Anyone who has watched MotoGP or WSBK will have noticed that the best riders in the world are experts when it comes to sliding their machines into and out of corners, with Nori Haga, Chris Walker and Garry McCoy prime examples..

The ability to control a front or rear wheel slide is a vital riding skill on Superbike or GP machinery - due to the masses of power - and can be the difference between winning and crashing.

Therefore, the ACU Academy were keen to make sure their road racers get some high level coaching in this vital skill.

1993 Speedway World Champion Sam Ermelenko is no stranger to the 'black art' of sliding a bike. For the second year running the young riders were lucky enough to have Ermelenko give them some world class coaching at the Academy Slide School, based at Burton on Trent [pictured].

The Slide School was established in 2001 and has two new Yamaha TTR125 motorcycles purchased as 'sliding bikes' - fitted with slick rear tyres to make them easier to slide on the school's 300 meter sand oval.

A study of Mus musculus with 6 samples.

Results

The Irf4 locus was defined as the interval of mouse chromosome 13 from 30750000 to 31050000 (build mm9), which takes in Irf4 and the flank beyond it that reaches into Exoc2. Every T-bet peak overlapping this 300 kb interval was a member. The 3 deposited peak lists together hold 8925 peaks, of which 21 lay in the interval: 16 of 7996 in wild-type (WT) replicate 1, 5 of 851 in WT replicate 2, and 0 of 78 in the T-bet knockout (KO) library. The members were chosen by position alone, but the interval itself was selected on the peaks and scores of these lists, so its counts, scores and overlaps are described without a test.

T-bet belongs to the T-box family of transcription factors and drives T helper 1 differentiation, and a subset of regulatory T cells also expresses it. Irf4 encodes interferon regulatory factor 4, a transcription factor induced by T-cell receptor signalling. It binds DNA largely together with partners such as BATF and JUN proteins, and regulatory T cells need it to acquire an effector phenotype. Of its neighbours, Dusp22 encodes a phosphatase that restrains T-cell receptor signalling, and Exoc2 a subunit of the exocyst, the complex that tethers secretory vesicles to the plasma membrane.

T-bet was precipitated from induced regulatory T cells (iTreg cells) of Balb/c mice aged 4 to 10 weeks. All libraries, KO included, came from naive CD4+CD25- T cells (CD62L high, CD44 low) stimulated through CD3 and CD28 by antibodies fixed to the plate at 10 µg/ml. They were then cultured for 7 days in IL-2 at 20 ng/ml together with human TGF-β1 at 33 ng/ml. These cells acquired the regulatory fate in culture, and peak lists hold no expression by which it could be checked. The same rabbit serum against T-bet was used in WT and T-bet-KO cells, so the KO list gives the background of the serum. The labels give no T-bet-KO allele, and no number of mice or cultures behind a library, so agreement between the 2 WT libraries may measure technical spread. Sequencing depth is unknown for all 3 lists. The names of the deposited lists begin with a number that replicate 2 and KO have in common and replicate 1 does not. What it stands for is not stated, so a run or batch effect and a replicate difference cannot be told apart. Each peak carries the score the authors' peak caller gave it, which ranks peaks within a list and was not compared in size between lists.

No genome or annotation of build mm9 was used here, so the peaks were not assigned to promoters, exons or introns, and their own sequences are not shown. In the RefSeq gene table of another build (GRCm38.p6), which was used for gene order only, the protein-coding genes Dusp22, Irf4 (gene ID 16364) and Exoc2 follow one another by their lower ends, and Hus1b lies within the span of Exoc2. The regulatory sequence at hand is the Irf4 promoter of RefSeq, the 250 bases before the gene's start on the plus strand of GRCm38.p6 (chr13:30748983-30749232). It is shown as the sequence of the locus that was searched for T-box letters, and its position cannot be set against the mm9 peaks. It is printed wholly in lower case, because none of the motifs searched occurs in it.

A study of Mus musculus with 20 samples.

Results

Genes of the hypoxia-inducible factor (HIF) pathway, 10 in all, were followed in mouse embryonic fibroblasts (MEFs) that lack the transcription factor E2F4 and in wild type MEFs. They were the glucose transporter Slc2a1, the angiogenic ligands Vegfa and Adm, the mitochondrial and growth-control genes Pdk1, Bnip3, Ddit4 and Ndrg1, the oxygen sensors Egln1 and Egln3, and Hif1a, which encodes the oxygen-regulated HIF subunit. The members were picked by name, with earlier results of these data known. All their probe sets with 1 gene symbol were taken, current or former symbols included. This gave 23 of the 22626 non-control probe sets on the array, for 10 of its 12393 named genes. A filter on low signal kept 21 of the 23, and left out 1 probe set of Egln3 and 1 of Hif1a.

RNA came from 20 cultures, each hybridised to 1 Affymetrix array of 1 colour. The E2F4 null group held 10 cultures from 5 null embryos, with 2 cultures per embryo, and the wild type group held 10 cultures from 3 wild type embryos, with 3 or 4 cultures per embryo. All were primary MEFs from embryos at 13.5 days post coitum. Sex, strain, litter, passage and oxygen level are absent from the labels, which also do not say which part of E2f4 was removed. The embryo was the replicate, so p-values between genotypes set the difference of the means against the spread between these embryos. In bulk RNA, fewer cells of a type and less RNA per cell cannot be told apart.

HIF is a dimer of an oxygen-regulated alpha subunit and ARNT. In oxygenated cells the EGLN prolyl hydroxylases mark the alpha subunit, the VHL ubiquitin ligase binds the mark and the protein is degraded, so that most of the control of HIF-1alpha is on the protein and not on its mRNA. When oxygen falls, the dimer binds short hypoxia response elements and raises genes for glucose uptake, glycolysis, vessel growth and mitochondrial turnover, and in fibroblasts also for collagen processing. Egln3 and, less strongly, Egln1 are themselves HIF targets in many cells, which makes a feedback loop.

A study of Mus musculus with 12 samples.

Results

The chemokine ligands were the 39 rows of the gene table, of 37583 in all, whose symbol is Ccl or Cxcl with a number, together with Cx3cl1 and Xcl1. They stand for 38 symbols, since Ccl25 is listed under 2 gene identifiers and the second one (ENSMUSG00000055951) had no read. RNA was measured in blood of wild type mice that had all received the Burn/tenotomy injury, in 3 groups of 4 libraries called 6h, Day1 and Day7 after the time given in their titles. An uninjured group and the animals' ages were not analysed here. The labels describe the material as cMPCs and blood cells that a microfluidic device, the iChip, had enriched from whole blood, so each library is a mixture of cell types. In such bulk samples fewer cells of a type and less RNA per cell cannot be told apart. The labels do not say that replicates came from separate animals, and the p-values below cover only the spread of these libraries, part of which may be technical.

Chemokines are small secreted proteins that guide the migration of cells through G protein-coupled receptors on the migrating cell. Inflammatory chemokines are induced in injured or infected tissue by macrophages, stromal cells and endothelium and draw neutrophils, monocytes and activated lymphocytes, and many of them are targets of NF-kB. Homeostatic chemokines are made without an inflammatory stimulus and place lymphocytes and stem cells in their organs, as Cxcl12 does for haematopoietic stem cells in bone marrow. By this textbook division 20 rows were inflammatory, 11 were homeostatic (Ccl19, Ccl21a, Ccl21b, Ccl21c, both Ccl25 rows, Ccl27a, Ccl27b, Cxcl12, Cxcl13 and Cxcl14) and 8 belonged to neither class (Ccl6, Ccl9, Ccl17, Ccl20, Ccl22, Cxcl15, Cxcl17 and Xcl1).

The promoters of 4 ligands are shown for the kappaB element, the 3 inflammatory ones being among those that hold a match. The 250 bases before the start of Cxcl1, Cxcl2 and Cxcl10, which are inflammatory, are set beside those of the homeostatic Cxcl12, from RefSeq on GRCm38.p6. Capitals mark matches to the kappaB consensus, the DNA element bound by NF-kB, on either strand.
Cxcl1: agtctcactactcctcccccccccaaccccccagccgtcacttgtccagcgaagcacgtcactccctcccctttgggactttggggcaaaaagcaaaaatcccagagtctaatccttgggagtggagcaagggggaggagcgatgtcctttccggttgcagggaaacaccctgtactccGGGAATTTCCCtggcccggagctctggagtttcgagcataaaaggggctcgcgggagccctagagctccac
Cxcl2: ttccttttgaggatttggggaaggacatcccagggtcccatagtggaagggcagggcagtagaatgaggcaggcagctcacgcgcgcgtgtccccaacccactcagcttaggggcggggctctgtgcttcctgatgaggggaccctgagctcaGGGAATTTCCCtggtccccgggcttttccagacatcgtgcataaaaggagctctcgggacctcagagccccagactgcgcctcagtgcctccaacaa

The aim of the training is simple: to give the young road racers more confidence when riding a bike that suddenly breaks traction. Ermelenko teaches the riders to induce both front and rear wheel slides and control them with a combination throttle and body positioning.

As expected, the 2003 Academy intake found the training extremely useful - even those with an off road background learnt a lot, such as Yamaha R6 racer Kieran Clarke, a former Junior British Motocross Champion.

"Sam has taught me to be a little more progressive with the throttle and to use the engine braking more induce a slide," said Clarke. "I am sure this will be a massive help this season in the R6 Cup where we will be using road bias tyres and grip will be an issue."

Also impressed was off road newcomer and 125GP class racer Rob Guiver: "That was great! I have never done anything like it before and I have learnt so much. I already feel more confident about getting the bike all crossed up and controlling it."

As for Sam, he also enjoyed teaching the boys.

"They have so much talent at such a young age," explained Ermelenko, who still races for Wolverhampton and commentates for Sky Sports on Speedway. "Take the two Lowes boys, 13 years old and both awesomely talented on a motorcycle. I think they both have big futures ahead of them in the sport."